Budget hawks seek to alter process; appropriators balk

House GOP fiscal conservatives are uniting behind a proposal they say will go further than the administration to tamp down spending.

The bill will be introduced by Reps. Jeb Hensarling of Texas and Paul Ryan of Wisconsin as early as this week, although that schedule could slip until early next week. The measure aims to overhaul the budget process by embracing recommendations proposed by President Bush in his fiscal 2005 budget, including a binding joint budget resolution, biennial budgeting, line-item spending reductions and an automatic continuing resolution if spending bills are not completed on time.

The conservatives' bill would also provide for a 1 percent decrease in spending each quarter under a CR for all agencies covered by the temporary measure. The measure has already run into opposition from appropriators, who would get a referral to their panel. "It will never see the light of day," a House Appropriations Committee spokesman said.

According to an outline of the draft legislation, the measure would limit the growth of entitlement spending to the rate of inflation and population growth, and cap discretionary spending at the rate of inflation, enforced by budget points of order. If the caps are breached, the bill would trigger across-the-board cuts in many programs, although Medicare, Medicaid, veterans and military benefits and some low-income programs would be limited to just a 2 percent cut, and defense spending would be exempted from cuts for national security reasons.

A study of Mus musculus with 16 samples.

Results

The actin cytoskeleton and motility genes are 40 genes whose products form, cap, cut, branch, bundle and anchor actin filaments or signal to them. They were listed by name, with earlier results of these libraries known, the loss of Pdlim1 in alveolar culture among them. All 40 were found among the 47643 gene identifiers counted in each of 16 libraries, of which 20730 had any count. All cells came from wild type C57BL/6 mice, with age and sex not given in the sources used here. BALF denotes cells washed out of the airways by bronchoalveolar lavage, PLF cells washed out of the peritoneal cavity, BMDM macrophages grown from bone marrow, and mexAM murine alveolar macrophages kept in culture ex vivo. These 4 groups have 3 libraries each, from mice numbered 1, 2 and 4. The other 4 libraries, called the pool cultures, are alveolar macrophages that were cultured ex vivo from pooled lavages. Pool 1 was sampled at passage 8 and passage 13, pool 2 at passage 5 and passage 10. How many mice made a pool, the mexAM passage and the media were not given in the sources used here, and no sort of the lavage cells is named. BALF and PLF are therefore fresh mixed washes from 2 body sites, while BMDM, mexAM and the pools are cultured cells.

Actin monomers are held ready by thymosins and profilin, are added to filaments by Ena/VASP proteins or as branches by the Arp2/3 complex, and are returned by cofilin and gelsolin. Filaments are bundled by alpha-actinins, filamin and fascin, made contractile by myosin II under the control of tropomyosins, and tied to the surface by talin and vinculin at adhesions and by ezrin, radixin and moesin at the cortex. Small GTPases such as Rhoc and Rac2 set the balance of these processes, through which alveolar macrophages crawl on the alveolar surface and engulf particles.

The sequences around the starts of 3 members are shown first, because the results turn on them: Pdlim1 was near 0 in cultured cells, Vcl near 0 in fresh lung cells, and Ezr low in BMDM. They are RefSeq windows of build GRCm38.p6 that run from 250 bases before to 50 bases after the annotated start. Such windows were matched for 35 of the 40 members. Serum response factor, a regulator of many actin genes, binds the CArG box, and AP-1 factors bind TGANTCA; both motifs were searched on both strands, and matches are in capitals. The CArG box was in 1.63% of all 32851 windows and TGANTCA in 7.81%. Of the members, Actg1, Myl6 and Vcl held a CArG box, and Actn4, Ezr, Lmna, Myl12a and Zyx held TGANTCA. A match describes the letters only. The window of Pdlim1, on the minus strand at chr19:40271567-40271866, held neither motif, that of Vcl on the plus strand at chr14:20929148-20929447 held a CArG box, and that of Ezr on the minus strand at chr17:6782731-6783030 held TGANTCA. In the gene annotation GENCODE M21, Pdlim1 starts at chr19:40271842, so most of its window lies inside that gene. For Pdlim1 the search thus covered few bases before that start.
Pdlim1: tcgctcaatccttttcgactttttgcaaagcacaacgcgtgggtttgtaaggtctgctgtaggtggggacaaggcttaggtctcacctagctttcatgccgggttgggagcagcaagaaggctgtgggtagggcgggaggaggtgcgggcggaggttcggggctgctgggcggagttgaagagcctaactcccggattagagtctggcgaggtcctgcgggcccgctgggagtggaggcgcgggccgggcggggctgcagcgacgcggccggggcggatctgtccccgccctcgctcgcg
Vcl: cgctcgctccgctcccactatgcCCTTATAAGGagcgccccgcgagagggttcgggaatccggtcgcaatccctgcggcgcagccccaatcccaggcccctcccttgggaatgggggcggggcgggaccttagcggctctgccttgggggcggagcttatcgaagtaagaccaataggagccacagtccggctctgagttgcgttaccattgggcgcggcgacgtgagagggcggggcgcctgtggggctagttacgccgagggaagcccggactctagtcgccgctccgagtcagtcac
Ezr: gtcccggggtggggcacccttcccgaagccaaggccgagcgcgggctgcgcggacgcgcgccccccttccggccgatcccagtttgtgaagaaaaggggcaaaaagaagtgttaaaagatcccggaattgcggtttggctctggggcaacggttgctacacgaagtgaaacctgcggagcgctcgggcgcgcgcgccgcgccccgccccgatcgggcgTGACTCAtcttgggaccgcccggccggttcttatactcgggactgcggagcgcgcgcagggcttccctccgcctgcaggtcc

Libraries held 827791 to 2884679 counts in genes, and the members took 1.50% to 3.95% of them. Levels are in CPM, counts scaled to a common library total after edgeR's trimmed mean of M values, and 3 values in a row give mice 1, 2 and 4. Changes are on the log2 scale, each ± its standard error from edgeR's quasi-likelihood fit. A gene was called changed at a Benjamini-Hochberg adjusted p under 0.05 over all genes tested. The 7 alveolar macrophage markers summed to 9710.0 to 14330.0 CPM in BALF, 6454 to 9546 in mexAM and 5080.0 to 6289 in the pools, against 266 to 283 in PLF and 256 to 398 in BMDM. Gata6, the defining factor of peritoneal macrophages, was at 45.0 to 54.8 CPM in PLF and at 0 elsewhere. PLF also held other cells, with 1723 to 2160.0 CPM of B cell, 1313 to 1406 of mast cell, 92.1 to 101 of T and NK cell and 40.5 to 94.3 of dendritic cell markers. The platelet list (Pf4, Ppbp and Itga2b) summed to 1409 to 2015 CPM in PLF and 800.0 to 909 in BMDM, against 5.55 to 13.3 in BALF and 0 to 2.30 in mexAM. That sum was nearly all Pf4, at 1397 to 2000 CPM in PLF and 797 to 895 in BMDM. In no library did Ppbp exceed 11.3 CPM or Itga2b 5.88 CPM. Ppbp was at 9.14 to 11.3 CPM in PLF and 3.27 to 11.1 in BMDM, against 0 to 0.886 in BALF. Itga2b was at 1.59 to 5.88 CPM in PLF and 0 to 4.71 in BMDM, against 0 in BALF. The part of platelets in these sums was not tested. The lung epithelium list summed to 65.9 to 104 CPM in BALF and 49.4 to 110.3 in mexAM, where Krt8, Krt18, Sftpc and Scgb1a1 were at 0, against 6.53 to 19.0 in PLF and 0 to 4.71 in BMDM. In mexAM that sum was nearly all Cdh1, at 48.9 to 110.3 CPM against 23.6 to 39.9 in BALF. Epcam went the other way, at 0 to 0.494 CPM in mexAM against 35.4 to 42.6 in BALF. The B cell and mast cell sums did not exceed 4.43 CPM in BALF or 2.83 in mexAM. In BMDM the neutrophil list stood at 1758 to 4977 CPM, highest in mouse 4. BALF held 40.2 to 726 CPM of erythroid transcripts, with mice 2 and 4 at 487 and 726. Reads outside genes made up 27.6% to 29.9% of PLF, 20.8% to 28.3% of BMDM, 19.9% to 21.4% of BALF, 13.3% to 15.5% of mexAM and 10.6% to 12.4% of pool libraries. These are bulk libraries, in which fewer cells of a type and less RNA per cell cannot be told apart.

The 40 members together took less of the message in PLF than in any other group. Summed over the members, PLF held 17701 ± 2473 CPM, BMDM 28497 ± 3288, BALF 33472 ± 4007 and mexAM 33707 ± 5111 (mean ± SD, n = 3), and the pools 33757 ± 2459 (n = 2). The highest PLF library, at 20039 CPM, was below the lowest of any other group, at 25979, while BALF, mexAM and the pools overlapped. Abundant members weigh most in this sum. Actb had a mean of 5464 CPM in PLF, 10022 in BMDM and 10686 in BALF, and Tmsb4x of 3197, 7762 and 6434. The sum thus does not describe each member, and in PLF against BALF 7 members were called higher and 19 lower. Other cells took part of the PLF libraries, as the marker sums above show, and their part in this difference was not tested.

"We believe the outrage level is getting high enough that we may be able to pass this," Ryan said.

Under the bill, a two-thirds supermajority would be required in both the House and Senate to waive points of order. It would prevent the designation of "emergency" spending to sidestep budget caps, freeze "advance appropriations" at the fiscal 2004 level; sunset all mandatory and discretionary programs in fiscal 2008-2009 with the exception of Social Security, veterans' benefits and a few others; freeze funding for programs with expired authorizations; and allow the president to rescind spending deemed wasteful, subject to congressional approval.

The measure also would prevent the inclusion of additional spending bills outside of the 13 appropriations subcommittees; the fiscal 2004 omnibus included a "miscellaneous" package of add-ons and offsets.

House GOP leaders have not signed off on the package but have signaled their intent to move elements. House Majority Leader Tom DeLay, R-Texas, said he was considering bringing a "budget process bill to the floor" this year. He also said Congress ought to scrutinize unauthorized spending.

"We need to take a very hard look at unauthorized programs and see which ones should be funded and which ones should not," he said. House Budget Chairman Jim Nussle, R-Iowa, said his panel also would consider rescissions to curtail spending.